PG-13 | | Drama | 11 October 2002 (USA)
A teenager journeys through a series of foster homes after her mother goes to prison for committing a crime of passion.


(novel), (screenplay)


ON DISC
3 wins & 7 nominations. See more awards »


Cast overview, first billed only:
Girl in Fight
Darlene Bohorquez ...
Prisoner
Solomon Burke Jr. ...
Scott Allan Campbell ...
Sean Happy ...
Dirt Bike Boyfriend

Astrid Magnussen is a 15 year old girl, living in California. Her mother, Ingrid, is a beautiful, free-spirited poet. Their life, though unusual, is satisfying until one day, a man named Barry Kolker (that her mother refers to at first as "The goat man") comes into their lives, and Ingrid falls madly in love with him, only to have her heart broken, and her life ruined. For revenge, Ingrid murders Barry with the deadly poison of her favourite flower: The White Oleander. She is sent to prison for life, and Astrid has to go through foster home after foster home. Throughout nearly a decade she experiences forbidden love, religion, near-death experiences, drugs, starvation, and how it feels to be loved. But throughout these years, she keeps in touch with her mother via letters to prison. And while Ingrid's gift is to give Astrid the power to survive, Astrid's gift is to teach her Mother about love. Written by wyrd_sista_187 <wyrd_sista_187@yahoo.com.au>

Plot Summary | Add Synopsis

Taglines:

Where does a mother end and a daughter begin?

Genres:

Drama

Motion Picture Rating (MPAA)

Rated PG-13 for mature thematic elements concerning dysfunctional relationships, drug content, language, sexuality and violence | See all certifications »



11 October 2002 (USA)  »

Also Known As:

Laurier blanc  »

Filming Locations:


Budget:

$16,000,000 (estimated)

Opening Weekend:

$5,607,480 (USA) (11 October 2002)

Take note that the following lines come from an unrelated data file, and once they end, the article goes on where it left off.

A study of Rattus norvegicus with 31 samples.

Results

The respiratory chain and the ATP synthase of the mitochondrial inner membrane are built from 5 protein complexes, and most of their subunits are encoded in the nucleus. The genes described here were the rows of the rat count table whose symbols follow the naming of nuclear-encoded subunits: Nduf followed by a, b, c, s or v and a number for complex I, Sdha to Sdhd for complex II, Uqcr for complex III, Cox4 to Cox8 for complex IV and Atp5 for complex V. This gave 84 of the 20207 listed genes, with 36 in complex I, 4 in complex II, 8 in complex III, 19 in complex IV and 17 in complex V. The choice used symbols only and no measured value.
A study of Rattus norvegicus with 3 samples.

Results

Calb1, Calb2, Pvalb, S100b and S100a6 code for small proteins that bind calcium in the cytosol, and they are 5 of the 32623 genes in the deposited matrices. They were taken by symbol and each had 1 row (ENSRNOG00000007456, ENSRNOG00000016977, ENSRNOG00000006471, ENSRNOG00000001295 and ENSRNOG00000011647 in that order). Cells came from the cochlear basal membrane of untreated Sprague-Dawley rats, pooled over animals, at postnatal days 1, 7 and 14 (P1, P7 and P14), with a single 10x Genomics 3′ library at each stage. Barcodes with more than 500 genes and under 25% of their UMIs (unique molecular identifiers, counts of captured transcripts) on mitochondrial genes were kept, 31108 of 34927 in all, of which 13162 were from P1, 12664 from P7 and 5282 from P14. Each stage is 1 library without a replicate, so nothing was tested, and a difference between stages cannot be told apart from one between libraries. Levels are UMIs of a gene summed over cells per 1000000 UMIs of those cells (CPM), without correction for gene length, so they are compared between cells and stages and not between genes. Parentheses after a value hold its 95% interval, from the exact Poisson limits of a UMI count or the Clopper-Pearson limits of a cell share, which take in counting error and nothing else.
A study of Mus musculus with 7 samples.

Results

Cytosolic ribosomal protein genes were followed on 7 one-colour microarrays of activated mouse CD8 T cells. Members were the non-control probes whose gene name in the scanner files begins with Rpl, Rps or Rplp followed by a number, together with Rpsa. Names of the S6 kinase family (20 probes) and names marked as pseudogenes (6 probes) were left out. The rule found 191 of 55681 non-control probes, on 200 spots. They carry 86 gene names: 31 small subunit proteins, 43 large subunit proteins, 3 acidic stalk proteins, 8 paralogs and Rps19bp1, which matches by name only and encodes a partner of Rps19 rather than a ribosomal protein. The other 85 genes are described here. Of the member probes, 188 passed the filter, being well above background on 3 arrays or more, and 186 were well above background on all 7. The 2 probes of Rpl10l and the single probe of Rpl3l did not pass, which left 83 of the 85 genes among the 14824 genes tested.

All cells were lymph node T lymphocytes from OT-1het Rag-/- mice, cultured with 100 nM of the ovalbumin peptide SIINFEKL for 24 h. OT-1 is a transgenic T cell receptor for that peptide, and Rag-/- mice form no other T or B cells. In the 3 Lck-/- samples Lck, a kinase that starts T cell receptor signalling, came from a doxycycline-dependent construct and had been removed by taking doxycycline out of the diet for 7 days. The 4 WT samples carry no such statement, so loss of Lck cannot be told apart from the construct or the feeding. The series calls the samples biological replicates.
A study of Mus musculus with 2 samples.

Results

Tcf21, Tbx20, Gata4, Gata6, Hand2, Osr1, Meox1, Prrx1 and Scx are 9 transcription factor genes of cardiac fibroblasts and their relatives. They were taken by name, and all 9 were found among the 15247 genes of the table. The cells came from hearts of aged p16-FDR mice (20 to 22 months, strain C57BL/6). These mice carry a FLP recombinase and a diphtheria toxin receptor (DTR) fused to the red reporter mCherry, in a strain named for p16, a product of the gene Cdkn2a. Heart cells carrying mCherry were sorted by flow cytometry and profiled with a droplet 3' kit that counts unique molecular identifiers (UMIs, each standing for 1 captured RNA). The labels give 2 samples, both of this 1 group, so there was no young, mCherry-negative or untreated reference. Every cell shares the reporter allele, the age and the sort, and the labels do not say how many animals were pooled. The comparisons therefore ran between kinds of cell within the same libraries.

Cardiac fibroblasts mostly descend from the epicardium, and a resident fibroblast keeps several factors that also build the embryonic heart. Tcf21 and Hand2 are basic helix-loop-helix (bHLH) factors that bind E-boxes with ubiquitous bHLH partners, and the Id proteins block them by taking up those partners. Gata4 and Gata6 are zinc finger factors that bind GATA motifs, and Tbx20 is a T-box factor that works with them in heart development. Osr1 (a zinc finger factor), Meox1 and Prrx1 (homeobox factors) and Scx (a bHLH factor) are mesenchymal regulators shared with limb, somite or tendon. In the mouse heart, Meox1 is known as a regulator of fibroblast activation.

Gross:

$16,346,122 (USA) (6 December 2002)



(Technicolor)

Aspect Ratio:

1.85 : 1

Trivia

Many people in the film industry felt sure that Michelle Pfeiffer would receive an Oscar nomination for her turn as the murderous mother, but the film's failure at the box-office coupled with the aggressive marketing campaign for Chicago (2002) actresses Queen Latifah and Catherine Zeta-Jones in the same category, Pfeiffer failed to get a nomination. See more »

Goofs

When Astrid, Starr, and Carolee are driving to go get clothes, Starr refers to the reverend of their church as "Reverend Thomas." However, in every other scene before and after this, the reverend is referred to as "Reverend Daniels." Perhaps his name is Thomas Daniels. See more »

Quotes

Ingrid: Of course I was jealous. I live in a cell with a women who has a vocabulary of 25 words.

Referenced in Film Geek (2005) See more »

Soundtracks

Happy Hour
Written by Davey von Bohlen, Jason Gnewikow, Dan Didier and Scott Shoenbeck
Performed by The Promise Ring
Courtesy of Jade Tree
By Arrangement with Crusty Old Timer, L.L.C.

 
Ingrid and Astrid work it out
14 October 2002 | by (L A.) – See all my reviews

Although not a perfect film by any stretch (too many things happen without any seeming rationale behind them and some of the most important plot points are too vague), White Oleander still kept me intrigued, thanks mainly to the great performances by Pfeiffer (extraordinary in her restraint - brilliant characterization), Renee Zellweiger (achingly vulnerable here) and the extremely talented Alison Lohman (who's in nearly every scene and never hits a false note - and the fact that she sort of looks like Kirsten Dunst doesn't hurt either).

A lot of critics are saying the film is too melodramatic or not 'weepy' enough, when in fact I found the movie's greatest strength (along with the performances) to be in how UNmelodramatic it is; there's a lot of restraint taken in the scenes that could have played like an afternoon soap, and I also appreciated how the film DIDN'T wind up as a tearjerker but rather took a grittier approach by portraying Astrid as an ultimate survivor in her sad and lonely journey toward independence.